I was looking some routers and I noticed that in some of them there is a distinction between WAN and LAN ports? The WAN ports is to connect an access point and LAN ports to connect a switch or a PC?

  • None of these answers are clear on why the WAN port is physically different than the LAN ports.
    – Milind R
    Commented Mar 6, 2023 at 10:16

4 Answers 4


Consumer grade routers generally have this distinction, although some enterprise SOHO routers also have this distinction. WAN stands for Wide Area Network and this is the network that connects your router to your service provider. The WAN port usually connects to a DSL modem, cable modem or fibre media converter. LAN stands for Local Area Network and this is the network that connects the devices within your home/business to the router. The LAN port or ports usually connect to PCs, printers etc. LAN ports can also connect to wireless APs to allow laptops, smartphones, tablets etc to connect to the LAN. The router then routes between the LAN and WAN network, applying NAT and firewall policy in the process.


A LAN is typically something completely within your own premises (your organization's campus, or building, or office suite, or your home), so it's something you build and own yourself, all the way down to the physical cabling. In contrast, a WAN is something that connects between geographically separated locations, so you generally have to lease access to lines or data transmission services from telecommunications carriers to create your WAN.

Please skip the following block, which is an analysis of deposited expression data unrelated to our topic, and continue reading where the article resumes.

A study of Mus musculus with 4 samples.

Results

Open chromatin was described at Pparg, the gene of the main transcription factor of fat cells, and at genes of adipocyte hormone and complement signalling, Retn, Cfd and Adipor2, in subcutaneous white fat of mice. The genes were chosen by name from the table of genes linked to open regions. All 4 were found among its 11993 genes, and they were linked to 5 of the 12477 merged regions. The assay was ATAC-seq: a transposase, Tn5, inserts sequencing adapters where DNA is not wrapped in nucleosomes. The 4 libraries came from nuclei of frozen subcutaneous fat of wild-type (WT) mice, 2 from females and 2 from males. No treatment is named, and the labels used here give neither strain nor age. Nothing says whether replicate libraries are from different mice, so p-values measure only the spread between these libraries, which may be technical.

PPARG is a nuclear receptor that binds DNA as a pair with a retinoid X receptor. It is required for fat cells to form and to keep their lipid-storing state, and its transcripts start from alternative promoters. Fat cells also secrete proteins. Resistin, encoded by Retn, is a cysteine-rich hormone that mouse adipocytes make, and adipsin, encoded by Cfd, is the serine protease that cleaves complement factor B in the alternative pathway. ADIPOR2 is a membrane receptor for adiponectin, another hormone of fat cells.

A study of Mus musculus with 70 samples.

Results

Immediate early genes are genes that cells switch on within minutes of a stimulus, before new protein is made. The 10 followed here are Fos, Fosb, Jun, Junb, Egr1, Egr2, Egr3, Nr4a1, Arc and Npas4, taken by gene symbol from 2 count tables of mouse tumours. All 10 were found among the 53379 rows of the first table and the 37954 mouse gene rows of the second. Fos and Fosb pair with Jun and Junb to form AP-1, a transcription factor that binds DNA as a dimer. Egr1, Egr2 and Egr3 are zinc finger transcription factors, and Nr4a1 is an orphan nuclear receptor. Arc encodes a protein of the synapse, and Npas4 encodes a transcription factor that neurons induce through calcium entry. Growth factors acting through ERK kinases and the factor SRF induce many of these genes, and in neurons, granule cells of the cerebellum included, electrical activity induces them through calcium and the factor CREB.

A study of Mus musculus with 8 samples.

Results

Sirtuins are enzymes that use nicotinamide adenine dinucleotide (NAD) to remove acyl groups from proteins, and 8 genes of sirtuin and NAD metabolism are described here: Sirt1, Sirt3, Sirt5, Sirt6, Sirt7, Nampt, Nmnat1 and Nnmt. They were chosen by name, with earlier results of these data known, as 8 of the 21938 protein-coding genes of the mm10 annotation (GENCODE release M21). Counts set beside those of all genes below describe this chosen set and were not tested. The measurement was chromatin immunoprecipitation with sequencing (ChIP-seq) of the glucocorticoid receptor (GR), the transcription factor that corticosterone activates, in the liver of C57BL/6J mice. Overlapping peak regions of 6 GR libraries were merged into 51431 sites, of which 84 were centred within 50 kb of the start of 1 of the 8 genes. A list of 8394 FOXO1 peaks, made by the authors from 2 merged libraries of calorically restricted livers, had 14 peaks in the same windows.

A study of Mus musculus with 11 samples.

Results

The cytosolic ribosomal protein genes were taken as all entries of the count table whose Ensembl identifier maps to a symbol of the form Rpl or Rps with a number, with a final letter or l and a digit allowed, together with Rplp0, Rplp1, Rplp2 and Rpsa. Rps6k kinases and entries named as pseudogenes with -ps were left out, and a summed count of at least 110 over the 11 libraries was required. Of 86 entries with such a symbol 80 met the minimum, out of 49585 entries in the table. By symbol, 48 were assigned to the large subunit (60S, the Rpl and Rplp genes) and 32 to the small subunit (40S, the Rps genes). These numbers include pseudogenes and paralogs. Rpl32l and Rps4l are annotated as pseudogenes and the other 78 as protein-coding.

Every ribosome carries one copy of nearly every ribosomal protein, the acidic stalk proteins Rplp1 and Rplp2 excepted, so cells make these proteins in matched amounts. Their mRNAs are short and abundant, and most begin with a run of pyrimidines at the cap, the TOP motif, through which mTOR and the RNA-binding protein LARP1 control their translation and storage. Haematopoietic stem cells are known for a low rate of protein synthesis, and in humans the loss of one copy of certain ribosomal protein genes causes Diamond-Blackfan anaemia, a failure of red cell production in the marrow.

Because of the shorter distances needed for on-premises networks, and because of the focus on connecting PCs and servers, LANs tend to be built on Ethernet and other 802.3-family (and 802.11-family) physical layers and data links. 1000BASE-T, 1000BASE-SX, 1000BASE-LX, etc.

Because off-premises network links usually need to go longer distances and work over the telecommunication carriers' existing infrastructure, they tend to use physical and data-link standards that are more common in the telecom industry. Then again, for your convenience, telecom carriers usually hand off to you using an 802.3-family link, even if what they're using behind the scenes is, say, OC-3 and SONET/SDH.

Because of the technical hurdles associated with moving lots of data long distances reliably, WAN links tend to be lower bandwidth and higher latency than LAN links. Also, because you're usually paying a separate telecom carrier for the service, to keep costs down, most organizations try to limit (or at least not go crazy with) how much data they move over WAN links.

The differences between LANs and WANs tend to be at the physical and data-link layers. At the network layer (Layer 3 in the old-but-still-helpful-for-some-discussions OSI layering model), most people use IP (Internet Protocol) nowadays. Because it all uses IP, applications that use IP don't have to know what physical and data-link layers are in use, so anything you can do on a LAN you can potentially do on a WAN as well, if you have high enough bandwidth and low enough latency for whatever it is you're trying to do, and as long as you haven't blocked it at your firewall (or via the accidentally firewall-like properties of a NAT).


Typical home/small buisness routers are designed to connect a single local network LAN to a larger network (usually but not nessacerally the internet) usually with NAT (though NAT can be disabled.

The LAN ports connect to your local network (whether wired or wireless), the WAN port connects to your internet connection.


Local Area Network, LAN, and Wide Area Network, WAN, ports distinguish between your and the providers interfaces, respectively.